This is a very common question. It all began with a Jewish tradition
called the "ineffable name" doctrine.
Jews, for various reasons, started to substitute His name with the Hebrew title "Adonai". Adonai
is the Hebrew word for "Lord". This information can be easily verified
in many Bible dictionaries and various encyclopedias. For instance, the
Encyclopedia Britannica states:
the God of the Israelites, his name being revealed to Moses as four HebrewCONSONANTS (YHWH) CALLED THE TETRAGRAMMATON. AFTER THE EXILE (6TH CENTURY BC), and especially from the 3rd century BC on, Jews ceased to use the name Yahweh for two reasons. As Judaism became a universal religion through its proselytizing in the Greco-Roman world, the more common noun elohim, meaning "god," tended to replace Yahweh to demonstrate the universal sovereignty of Israel's God over all others. At the same time, the divine name was increasingly regarded as too sacred to be uttered; it was thus replaced vocally in the synagogue ritual by the Hebrew word Adonai ("My Lord"), which was translated as Kyrios ("Lord") in the Septuagint, the Greek version of the Old Testament.
We see in the above quote that Jews started to vocally replace the name "Yahweh" with "Adonai" (Lord) for two reasons:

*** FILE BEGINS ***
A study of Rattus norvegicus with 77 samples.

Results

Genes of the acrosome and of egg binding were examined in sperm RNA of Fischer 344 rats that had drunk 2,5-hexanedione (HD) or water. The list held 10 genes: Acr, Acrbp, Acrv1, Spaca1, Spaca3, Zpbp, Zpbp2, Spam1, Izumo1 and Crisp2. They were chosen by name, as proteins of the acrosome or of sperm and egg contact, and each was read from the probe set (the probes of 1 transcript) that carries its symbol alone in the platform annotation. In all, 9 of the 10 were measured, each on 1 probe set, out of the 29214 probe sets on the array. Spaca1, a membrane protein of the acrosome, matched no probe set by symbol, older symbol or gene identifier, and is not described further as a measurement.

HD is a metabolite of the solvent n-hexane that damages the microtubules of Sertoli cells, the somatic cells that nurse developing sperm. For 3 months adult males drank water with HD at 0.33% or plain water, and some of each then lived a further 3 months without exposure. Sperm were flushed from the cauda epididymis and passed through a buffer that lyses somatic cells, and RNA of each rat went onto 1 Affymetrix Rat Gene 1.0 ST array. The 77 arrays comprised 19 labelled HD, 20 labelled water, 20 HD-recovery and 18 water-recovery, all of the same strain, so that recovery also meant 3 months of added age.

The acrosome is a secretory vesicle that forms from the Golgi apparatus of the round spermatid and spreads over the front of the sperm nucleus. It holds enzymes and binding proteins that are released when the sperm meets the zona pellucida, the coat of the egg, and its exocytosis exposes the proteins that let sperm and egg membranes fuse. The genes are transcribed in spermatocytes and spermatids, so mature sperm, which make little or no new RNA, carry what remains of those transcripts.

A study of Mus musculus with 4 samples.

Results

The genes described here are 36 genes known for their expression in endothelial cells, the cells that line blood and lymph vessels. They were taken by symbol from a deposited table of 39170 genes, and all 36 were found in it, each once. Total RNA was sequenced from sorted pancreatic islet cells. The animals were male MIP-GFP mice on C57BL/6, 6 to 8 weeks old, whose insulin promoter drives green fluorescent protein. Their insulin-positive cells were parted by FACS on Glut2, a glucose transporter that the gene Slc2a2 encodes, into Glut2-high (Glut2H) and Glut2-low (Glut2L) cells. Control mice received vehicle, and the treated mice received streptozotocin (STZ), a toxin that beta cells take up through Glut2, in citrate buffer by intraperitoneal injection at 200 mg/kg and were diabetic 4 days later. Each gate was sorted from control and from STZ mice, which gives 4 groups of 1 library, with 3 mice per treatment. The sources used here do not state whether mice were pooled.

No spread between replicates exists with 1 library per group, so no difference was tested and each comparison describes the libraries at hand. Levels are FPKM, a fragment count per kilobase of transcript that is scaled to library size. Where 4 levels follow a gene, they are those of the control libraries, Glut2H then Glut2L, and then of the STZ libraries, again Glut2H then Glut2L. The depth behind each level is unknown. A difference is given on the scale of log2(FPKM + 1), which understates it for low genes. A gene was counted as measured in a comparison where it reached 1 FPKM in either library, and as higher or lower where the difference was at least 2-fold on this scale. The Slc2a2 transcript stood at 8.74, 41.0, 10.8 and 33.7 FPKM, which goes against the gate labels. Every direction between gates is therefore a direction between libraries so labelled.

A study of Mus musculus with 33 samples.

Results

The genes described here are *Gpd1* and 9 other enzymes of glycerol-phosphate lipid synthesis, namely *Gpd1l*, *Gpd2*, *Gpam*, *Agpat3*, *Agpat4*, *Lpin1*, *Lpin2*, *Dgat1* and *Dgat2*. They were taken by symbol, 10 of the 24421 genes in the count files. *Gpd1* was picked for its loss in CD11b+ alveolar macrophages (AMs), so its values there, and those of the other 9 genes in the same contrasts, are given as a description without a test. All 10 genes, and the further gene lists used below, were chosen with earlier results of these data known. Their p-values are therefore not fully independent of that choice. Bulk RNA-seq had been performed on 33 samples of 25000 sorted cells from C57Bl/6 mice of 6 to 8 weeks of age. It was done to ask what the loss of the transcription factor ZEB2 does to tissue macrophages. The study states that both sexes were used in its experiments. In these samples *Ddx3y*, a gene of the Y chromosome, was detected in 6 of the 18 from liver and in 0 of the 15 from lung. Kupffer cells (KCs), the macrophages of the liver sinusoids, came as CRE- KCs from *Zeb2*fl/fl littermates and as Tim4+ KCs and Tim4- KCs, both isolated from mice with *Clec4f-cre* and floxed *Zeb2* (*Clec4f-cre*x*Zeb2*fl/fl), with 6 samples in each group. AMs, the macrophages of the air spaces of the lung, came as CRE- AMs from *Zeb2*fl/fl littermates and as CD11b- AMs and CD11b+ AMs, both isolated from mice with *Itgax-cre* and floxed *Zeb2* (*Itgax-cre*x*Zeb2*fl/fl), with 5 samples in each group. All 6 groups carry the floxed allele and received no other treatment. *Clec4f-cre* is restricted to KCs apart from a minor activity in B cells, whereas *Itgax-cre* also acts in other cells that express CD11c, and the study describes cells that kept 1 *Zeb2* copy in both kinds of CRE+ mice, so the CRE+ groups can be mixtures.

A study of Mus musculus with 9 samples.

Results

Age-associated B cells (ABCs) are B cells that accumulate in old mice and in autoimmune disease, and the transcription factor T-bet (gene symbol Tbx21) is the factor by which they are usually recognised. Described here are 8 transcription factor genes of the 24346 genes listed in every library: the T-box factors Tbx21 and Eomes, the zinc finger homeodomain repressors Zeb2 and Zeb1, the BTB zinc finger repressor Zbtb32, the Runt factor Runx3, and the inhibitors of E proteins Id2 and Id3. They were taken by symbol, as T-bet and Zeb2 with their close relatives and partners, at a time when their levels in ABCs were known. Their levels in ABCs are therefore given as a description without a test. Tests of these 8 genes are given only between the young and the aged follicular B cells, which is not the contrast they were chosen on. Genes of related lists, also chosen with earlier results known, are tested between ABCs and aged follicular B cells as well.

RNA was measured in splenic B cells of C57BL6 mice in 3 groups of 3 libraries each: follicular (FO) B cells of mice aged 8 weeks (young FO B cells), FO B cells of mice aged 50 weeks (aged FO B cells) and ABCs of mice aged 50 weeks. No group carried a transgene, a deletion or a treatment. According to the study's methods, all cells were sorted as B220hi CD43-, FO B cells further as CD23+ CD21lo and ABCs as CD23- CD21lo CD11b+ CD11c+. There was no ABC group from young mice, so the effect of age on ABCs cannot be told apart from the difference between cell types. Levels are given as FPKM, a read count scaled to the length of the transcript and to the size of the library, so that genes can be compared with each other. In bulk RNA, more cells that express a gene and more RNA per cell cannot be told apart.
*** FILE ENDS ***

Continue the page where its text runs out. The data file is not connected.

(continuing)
1. It was beginning to be believed that His name was too sacred to be uttered
2. They preferred to simply call Him "Elohim" rather than "Yahweh" to demonstrate to the world that He is the only true Elohim.
While on the surface these reasons may seem honorable, they are very unscriptural. They were and are attempts to improve on Yahweh's already perfect ways. If Yahweh really wanted a substitute, why would He have placed His name there to begin with? Though scripture says to follow Yahweh rather than man, we find that nearly 7,000 times the most important name of all is replaced with a another word that man has chosen.
This tradition was not practiced by the Messiah or the apostles, but it was adopted by some Christians during the early half of the 2nd Century CE/AD. By the 4th century, this practice was well established and widely practiced. Jerome, a 4th century "Church Father" who authored the Latin Vulgate version, substituted the name "Yahweh" throughout with the Latin word "Dominus" (meaning "Lord"). The tradition of replacing Yahweh's name with "the LORD" continues to this day. Most English translations substitute the name Yahweh with "the LORD" and translations into other languages will also commonly choose a title meaning "Lord" in their own language. More information on this can be found in the preface of many modern bibles.